Thursday, March 31, 2011

Batman and Robin - Grant Morrison

Batman has been around for a really long time.  In fact he dates back all the way to 1939, so trying to catch up with his story is a bit overwhelming.  Don't ask me how he's managed to stay so young looking, but let's assume he and Heidi Montag don't have the same doctors.  As a new comic reader I find it pretty overwhelming to try and jump into the world of some of these characters that have been around forever.  With literally thousands of comics, side projects, crossovers, team-ups, and all the Justice League stuff, Batman can be a real pain to catch up with.  Fortunately for people like me, authors do a great job of creating "jump on points," where the larger story takes a new turn, allowing new readers a great place to join the adventure.  Morrison's "Batman and Robin" is the most recent jump on point in the saga of Batman, and for the most part it delivery on every level.  The only down side is that you just might need a quick history lesson to truly enjoy what the future holds.

Bruce Wayne, the original Batman, is dead.  In his place is Dick Grayson, the original boy wonder, and his new Robin, Wayne's son Damian.  Damian is also the son of Talia al Ghul who apparently is not in line for any "mother of the year" awards.  Fortunately, due to their relationship, Damian is in possession of some rather beneficial skills that make him a formidable Robin.  The new Batman and Robin set out to fill the gigantic void left by the original Batman, working together periodically, but frequently at odds with each other as they try to fill their new roles.  The story introduces some new villains into the world of Gotham City, as well as a few familiar ones that anyone will instantly recognize.  My favorite was the Red Hood, a new caped crusader with old ties to Batman's past.  I won't spoil who he is, but for someone with limited knowledge of Batman's lore, it was a fun discovery. Not all of the new characters worked for me, but overall I felt that the experience was fun and fresh, and most of the gambles worked.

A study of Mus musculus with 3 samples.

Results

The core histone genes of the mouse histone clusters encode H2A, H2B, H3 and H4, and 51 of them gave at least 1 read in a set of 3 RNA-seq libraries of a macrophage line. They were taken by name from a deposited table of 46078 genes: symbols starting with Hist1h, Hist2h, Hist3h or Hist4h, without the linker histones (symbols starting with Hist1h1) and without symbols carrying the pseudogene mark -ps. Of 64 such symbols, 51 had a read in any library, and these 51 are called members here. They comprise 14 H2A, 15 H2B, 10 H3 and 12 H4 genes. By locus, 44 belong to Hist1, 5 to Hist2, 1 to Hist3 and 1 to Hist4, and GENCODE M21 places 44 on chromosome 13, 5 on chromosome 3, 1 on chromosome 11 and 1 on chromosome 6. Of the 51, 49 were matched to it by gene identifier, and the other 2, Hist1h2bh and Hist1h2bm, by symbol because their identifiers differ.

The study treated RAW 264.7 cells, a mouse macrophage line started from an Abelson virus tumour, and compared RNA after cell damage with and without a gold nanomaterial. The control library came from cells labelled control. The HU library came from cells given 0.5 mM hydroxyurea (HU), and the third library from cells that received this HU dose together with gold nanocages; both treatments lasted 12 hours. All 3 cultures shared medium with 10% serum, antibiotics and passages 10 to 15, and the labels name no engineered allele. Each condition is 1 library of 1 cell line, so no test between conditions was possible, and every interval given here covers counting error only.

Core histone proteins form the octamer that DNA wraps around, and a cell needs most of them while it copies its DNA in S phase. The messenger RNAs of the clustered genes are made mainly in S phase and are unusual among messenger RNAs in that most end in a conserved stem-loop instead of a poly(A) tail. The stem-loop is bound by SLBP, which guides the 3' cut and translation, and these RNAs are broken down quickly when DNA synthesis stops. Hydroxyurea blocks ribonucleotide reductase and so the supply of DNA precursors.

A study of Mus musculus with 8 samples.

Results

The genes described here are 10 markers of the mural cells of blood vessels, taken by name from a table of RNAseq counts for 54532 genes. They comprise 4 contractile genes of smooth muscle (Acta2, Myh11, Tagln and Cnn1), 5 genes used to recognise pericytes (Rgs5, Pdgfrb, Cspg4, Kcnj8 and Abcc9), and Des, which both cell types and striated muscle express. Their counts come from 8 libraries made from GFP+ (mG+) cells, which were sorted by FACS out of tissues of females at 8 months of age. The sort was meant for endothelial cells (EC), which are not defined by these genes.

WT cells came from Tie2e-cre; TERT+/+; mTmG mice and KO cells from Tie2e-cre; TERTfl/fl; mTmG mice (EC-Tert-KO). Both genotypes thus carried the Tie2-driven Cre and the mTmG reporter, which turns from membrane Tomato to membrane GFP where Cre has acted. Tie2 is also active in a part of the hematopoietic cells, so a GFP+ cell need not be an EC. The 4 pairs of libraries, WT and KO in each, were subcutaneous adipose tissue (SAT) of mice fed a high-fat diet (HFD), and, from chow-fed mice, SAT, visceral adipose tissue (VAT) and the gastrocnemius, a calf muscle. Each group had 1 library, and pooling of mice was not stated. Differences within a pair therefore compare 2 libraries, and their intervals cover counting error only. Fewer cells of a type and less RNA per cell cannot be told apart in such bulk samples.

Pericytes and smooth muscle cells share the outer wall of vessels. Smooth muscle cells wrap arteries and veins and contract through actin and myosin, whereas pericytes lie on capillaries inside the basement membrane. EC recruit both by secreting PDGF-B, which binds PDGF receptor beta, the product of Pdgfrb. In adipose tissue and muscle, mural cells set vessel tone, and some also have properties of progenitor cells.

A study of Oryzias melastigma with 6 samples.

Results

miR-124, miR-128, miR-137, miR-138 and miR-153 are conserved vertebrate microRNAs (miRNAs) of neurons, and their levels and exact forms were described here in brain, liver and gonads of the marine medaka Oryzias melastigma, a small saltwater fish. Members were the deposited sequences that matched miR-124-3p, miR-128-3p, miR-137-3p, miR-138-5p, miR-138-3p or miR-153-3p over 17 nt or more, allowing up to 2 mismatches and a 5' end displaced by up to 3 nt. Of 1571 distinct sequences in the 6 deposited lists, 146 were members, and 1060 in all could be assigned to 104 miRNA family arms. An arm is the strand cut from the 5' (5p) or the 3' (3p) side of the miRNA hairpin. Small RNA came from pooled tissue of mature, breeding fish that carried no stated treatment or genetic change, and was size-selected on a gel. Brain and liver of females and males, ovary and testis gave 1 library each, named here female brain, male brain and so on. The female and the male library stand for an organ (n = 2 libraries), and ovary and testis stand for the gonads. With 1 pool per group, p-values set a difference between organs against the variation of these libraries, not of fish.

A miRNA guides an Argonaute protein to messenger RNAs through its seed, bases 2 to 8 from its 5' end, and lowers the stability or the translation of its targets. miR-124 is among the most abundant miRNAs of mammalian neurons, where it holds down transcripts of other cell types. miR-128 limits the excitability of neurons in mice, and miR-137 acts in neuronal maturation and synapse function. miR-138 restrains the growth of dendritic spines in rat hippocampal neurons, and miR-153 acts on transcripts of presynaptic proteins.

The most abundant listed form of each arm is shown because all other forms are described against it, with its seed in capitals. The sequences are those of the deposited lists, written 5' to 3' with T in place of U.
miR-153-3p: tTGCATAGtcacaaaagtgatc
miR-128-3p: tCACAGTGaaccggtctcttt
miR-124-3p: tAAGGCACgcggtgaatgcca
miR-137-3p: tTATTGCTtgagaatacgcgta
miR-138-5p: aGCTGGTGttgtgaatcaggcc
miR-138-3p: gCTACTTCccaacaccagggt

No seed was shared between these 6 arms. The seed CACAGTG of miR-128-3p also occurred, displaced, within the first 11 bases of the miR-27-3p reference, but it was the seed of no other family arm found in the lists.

Remember how I said you might need a quick history lesson in order to fully enjoy the direction of the future?  To me that is possibly the only downfall of the series.  Even though Morrison takes the story down an interesting road, he makes assumptions that readers know a lot about Batman's past.  While that may be true for many readers, it wasn't true for me, and I often found myself not understanding many of the references.  Why is Batman dead?  How did Dick Grayson become Batman?  Where did this Damian guy come from?  None of these questions are satisfactorily addressed, but instead Morrison assumes you just know.  It sort of felt like watching "Return of the Jedi" without seeing "A New Hope," or "Empire."  Great movie by itself, but probably more confusing than it should be.  Despite these holes left unfilled, "Batman and Robin" really doesn't disappoint.  It has amazing action, deep plot, complex character development, and some fantastic artwork.  It also has a Robin character that just might demand his own series one day.  Overall the positives far outweigh the minor complaints.  Especially when filling the holes simply requires reading more comics...perfect solution!  Any book that immediately makes me want to pursue more related material is a keeper, and "Batman and Robin" fits that criteria perfectly.  Batman's past is epic, and the future is off to a great start.

1 comment:

  1. Finally! A post on a book I've already read, so I can actually comment on it. I really like where Morrison is taking Batman's story, but I was confused at first, too. Being someone who doesn't like coming into a series halfway, it's encouraged me to do some research and look for the backstory (thanks for your help on that btw.)

    Thanks again for posting these reviews! Each entry gets better and better, and I always look forward to reading what your final opinion is on the books you read.